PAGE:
Venezuela’s inimitable Hugo Chavez has been having quite the busy summer. In between renewed crackdowns on the media, utterly totalitarian measures to usurp power from the democratically elected opposition, along with new evidence pointing to his support of FARC and narco-trafficking compliance, the Venezuelan president has also found time to denounce new conspiracy plots from the evil empire in Washington to invade Venezuela and topple his Bolivarian revolution.
The main evidence he cites is a new agreement between Colombia and the United States on a military base … which by the way does not mean there is an increase in U.S. personnel. Caracas Chronicles, one of the best blogs on Venezuela in English, has a very good post on the topic, pointing out something very similar we see in Russia – what my friend David Satter has described as the Kremlin’s need to constantly create external enemies, and portray itself as “the besieged fortress.” Once again it seems that Russia and Venezuela share so much more than high murder rates, oil, and a fondness for large arms transactions.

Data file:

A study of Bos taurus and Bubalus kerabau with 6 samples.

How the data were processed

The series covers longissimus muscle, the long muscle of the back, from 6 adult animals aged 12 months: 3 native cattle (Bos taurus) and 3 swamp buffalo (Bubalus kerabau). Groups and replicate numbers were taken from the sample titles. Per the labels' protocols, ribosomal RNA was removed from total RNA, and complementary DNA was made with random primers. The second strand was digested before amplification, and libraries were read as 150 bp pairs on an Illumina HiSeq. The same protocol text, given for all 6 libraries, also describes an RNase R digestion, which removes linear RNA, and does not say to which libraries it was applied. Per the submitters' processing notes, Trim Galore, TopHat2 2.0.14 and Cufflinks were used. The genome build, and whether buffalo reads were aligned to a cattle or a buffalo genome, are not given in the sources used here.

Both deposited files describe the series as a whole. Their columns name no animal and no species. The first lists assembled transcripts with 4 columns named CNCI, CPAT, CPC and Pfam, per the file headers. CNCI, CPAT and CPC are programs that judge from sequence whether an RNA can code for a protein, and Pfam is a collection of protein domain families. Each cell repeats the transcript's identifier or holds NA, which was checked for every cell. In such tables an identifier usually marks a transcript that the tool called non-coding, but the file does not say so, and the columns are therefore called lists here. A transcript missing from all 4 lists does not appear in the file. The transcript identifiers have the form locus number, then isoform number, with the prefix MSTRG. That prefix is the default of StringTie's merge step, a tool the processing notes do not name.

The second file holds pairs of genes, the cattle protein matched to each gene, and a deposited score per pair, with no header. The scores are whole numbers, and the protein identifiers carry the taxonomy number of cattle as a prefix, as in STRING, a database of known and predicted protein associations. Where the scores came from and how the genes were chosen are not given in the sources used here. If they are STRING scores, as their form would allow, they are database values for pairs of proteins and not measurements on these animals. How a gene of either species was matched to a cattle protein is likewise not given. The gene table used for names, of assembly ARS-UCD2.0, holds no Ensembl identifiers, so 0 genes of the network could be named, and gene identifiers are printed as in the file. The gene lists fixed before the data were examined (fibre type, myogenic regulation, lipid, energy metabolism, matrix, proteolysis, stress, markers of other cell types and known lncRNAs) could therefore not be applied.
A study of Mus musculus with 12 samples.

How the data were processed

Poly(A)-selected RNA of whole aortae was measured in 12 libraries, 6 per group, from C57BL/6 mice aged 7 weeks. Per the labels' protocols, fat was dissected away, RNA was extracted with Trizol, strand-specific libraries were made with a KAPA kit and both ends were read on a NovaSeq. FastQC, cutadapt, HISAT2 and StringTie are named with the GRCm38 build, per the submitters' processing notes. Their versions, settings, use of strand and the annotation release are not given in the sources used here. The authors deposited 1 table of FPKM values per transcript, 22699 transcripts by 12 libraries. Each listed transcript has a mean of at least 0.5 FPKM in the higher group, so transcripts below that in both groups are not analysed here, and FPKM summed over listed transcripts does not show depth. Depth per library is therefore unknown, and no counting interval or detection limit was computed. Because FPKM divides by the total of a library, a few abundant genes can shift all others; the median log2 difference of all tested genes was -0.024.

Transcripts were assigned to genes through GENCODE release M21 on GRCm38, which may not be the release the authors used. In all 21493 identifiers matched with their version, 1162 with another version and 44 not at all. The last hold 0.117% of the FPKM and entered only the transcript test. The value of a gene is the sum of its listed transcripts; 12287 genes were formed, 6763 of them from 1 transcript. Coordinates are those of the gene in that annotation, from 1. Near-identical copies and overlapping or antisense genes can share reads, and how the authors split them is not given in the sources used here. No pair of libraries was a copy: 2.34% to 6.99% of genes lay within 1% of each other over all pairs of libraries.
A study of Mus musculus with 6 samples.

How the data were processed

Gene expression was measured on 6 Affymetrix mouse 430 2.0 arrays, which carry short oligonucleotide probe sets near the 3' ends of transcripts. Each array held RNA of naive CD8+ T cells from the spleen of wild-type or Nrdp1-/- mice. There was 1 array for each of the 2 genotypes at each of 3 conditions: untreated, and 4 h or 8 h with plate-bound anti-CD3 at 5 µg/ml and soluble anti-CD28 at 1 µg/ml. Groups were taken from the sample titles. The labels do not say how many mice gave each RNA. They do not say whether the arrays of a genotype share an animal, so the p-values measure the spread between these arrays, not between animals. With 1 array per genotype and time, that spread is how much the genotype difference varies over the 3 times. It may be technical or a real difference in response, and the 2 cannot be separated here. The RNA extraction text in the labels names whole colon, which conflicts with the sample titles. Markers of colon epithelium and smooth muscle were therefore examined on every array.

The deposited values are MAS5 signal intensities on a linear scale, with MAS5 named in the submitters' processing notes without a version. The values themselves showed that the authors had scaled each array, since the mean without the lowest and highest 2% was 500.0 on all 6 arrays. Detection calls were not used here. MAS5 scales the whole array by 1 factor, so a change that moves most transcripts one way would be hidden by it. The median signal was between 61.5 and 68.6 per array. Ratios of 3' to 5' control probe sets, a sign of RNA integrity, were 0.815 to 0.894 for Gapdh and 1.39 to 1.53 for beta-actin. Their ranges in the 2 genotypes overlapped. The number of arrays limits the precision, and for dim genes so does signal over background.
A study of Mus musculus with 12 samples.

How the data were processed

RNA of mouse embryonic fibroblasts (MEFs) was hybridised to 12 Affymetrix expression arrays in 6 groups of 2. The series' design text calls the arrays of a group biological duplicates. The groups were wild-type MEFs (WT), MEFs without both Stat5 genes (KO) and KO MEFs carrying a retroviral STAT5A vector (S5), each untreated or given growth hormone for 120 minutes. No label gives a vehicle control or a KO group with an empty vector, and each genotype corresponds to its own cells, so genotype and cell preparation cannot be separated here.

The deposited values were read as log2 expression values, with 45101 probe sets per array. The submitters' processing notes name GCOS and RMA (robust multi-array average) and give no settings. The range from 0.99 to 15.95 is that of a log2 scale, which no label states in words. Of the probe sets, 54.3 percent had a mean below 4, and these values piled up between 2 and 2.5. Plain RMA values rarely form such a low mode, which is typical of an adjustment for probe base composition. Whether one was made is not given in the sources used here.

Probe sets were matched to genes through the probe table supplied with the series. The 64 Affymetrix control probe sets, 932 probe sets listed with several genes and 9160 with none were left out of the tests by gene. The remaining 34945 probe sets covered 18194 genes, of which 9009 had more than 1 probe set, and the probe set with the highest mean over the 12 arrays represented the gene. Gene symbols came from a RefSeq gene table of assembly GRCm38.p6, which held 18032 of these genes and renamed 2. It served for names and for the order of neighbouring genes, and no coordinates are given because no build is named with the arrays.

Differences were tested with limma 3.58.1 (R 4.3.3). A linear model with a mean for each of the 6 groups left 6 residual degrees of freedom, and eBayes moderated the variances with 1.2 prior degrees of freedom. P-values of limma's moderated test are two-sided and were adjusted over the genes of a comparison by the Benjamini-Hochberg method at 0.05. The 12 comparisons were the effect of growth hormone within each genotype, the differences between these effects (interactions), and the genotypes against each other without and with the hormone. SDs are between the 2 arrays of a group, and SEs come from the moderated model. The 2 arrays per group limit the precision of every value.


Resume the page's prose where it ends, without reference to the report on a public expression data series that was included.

Nobody with a passing acquaintance of the Obama administration’s foreign policy, or the US’s budgetary constraints, military capabilities, political realities or strategic interests could take such an idea seriously. There’s so much that’s wrongheaded and bizarre about the claim, there’s very little point in even going through all the various reasons why it’s simply not believable.
We need to be perfectly up-front about that as we dissect Hugo Chávez’s claim that the recent US Military Agreement with Colombia (which does not open US military bases there and does not lead to a sharp spike in the presence of US military personnel there) is some kind of prelude to a US invasion of Venezuela.
Once we discard the pretext, I can think of two possible reasons why Chávez might react quite as strongly as he has to a stepped up US military presence in Colombia. It’s one of two things.